Sportswriting is dead. Long live … ?

The Internet is changing sports journalism.

No kidding.

Television changed sports journalism. A good bit more than the Internet, actually.

In 1955, the newspaper was the way most people found out what happened with their favorite teams. TV sports were not yet ubiquitous. If you weren’t listening on the radio, the newspaper’s game story (and the box score, in much simpler form than you see today) was the only way to know what happened.

“Gamers” are still being written, and enterprising writer Arik Parnass did a semi-sociological piece on the reporters who are still doing them at a Washington Capitals game. (We’ll miss you, Braden Holtby.) Though deadlines can be a constraint, there’s a certain beauty to the art form of writing a game story as the game happens, tearing up your lead as the situation warrants, then racing to plug in quotes.

But anyone who needs a straight “gamer” can get it from the league’s sites, which have turned into some of the more reliable employers of sportswriters who don’t mind straddling the fence between covering and working for, even indirectly, the same league. The Washington Post still runs game stories, but they’re not as important as everything else a beat writer produces.

Today, if you’re good at play-by-play game stories, your two best options are:

  1. Something off the beaten track, maybe in Olympic sports. Even then, it’s tough to grab attention to something that isn’t already on TV.
  2. High school sports.

Aspiring sportswriters really should get out and cover high schools at some point. When you don’t have a squadron of PR personnel handing over stats and notes, you’re forced to pay attention on a deeper level. You also get the added sense of responsibility of writing within a community. Not people who might drag you on Twitter. People who might bump into you at the gym.

Good luck asking the aspiring sportswriters of today to go out and cover high schools. But it’s not all their fault. Local newspapers are operating with skeleton crews. The pipeline from local papers to mid-sized papers to big news organizations is all but dead, with national organizations scouring … the ranks of the kids who can afford to work in free internships over the summers.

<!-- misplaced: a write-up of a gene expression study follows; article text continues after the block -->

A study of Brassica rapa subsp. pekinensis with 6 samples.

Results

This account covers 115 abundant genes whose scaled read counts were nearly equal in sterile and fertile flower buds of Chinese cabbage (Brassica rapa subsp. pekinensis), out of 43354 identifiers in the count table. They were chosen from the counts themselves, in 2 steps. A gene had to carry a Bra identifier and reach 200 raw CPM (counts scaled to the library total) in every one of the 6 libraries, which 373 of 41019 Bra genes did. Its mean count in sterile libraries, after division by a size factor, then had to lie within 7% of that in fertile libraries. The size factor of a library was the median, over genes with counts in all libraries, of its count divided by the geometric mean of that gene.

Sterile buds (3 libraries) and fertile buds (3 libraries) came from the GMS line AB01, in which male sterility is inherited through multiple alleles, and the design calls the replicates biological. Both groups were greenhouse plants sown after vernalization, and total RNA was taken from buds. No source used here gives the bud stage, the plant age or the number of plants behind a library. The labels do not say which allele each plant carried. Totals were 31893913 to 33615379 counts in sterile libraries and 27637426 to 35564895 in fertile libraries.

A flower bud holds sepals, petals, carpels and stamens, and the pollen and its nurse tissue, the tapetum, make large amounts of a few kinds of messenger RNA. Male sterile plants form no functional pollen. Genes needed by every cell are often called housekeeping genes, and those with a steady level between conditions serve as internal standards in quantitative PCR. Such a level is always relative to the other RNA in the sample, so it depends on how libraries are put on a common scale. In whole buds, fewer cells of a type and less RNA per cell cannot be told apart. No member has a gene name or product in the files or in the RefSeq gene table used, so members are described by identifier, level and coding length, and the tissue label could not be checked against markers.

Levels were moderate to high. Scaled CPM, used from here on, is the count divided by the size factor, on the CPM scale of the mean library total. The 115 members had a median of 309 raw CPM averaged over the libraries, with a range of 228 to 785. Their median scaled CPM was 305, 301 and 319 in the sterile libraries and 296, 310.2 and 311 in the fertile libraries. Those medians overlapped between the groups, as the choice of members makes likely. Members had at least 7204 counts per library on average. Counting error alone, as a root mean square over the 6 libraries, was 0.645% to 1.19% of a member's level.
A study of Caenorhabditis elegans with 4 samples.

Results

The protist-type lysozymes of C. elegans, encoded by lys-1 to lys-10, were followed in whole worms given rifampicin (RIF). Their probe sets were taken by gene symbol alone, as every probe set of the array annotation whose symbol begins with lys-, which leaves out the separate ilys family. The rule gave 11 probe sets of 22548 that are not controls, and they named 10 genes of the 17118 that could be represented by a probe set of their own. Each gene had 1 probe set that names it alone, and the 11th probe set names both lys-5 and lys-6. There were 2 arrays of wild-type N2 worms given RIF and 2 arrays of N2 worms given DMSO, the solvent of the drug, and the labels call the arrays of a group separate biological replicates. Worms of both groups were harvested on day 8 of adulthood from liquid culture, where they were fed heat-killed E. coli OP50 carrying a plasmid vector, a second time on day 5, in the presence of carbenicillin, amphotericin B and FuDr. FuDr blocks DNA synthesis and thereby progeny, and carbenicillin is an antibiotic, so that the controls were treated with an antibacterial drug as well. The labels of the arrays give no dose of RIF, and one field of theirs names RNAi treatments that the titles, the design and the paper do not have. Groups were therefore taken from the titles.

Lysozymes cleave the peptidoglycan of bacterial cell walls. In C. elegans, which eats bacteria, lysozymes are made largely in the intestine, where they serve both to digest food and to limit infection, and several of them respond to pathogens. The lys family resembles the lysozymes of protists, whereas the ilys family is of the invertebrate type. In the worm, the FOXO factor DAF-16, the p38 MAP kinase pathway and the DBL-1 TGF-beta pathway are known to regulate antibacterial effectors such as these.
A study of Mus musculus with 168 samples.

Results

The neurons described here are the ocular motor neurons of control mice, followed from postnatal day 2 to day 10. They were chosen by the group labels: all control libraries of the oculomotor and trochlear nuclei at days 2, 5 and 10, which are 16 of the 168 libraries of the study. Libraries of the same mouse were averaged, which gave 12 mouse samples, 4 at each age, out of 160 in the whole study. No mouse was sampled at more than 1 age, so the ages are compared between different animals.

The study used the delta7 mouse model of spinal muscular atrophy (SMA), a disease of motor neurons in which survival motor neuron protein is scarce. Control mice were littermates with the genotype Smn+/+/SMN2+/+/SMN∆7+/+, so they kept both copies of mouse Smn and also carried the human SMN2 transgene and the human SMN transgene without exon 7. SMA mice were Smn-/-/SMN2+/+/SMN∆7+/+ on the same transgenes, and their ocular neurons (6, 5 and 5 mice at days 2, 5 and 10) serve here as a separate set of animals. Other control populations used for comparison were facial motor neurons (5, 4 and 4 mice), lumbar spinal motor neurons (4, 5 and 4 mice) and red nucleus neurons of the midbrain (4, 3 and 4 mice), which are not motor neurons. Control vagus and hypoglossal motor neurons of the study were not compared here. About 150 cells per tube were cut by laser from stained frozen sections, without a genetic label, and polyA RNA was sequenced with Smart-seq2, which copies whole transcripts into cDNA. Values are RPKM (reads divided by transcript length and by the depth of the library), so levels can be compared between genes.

So remind me to start an Olympic sports site and hire people from local papers who can write game stories, even if they’re making a hard turn from high school football to Olympic biathlon. (World Cup season has started!)

But in reality, the ship has sailed, and to the dismay of Flat Earthers, it’s gone over the horizon.

This piece at Axios traces the changes pretty well — sportswriters have needed to adapt by giving less play-by-play and more analysis. That transition has happened gradually as each new disruption in media takes its toll. And it’s accelerating with COVID keeping us all at home.

Parnass’ piece opens with Michael Wilbon complaining about people in their parents’ basements who aren’t there in the locker room. That’s a bit rich — it’s not as if Wilbon and the other daytime pundits are out getting personal observations on every event on which they pontificate.

And access to the inner sanctum of a locker room is a hot issue. As far as I know, that’s unique to the United States. If you cover the Olympics, you chat with athletes as they stroll through the mixed zone — after they’ve already answered questions from all the broadcasters.

In MMA, the people who can’t / don’t get credentials tend to view themselves as purer than those of us who were “in.” Part of it is that the UFC’s Dana White has a longstanding tendency of booting reporters he doesn’t like. Part of it is a misunderstanding of what “access” is like, as if we’re all buddies or something.

It’s not either/or, anyway. Readers benefit from both perspectives. If you’re covering the UFC, you have a better view at home anyway — camera crews block the view from press row.

But it’s a moot point now. Thanks to COVID, we’re all in our basements. And the view isn’t bad.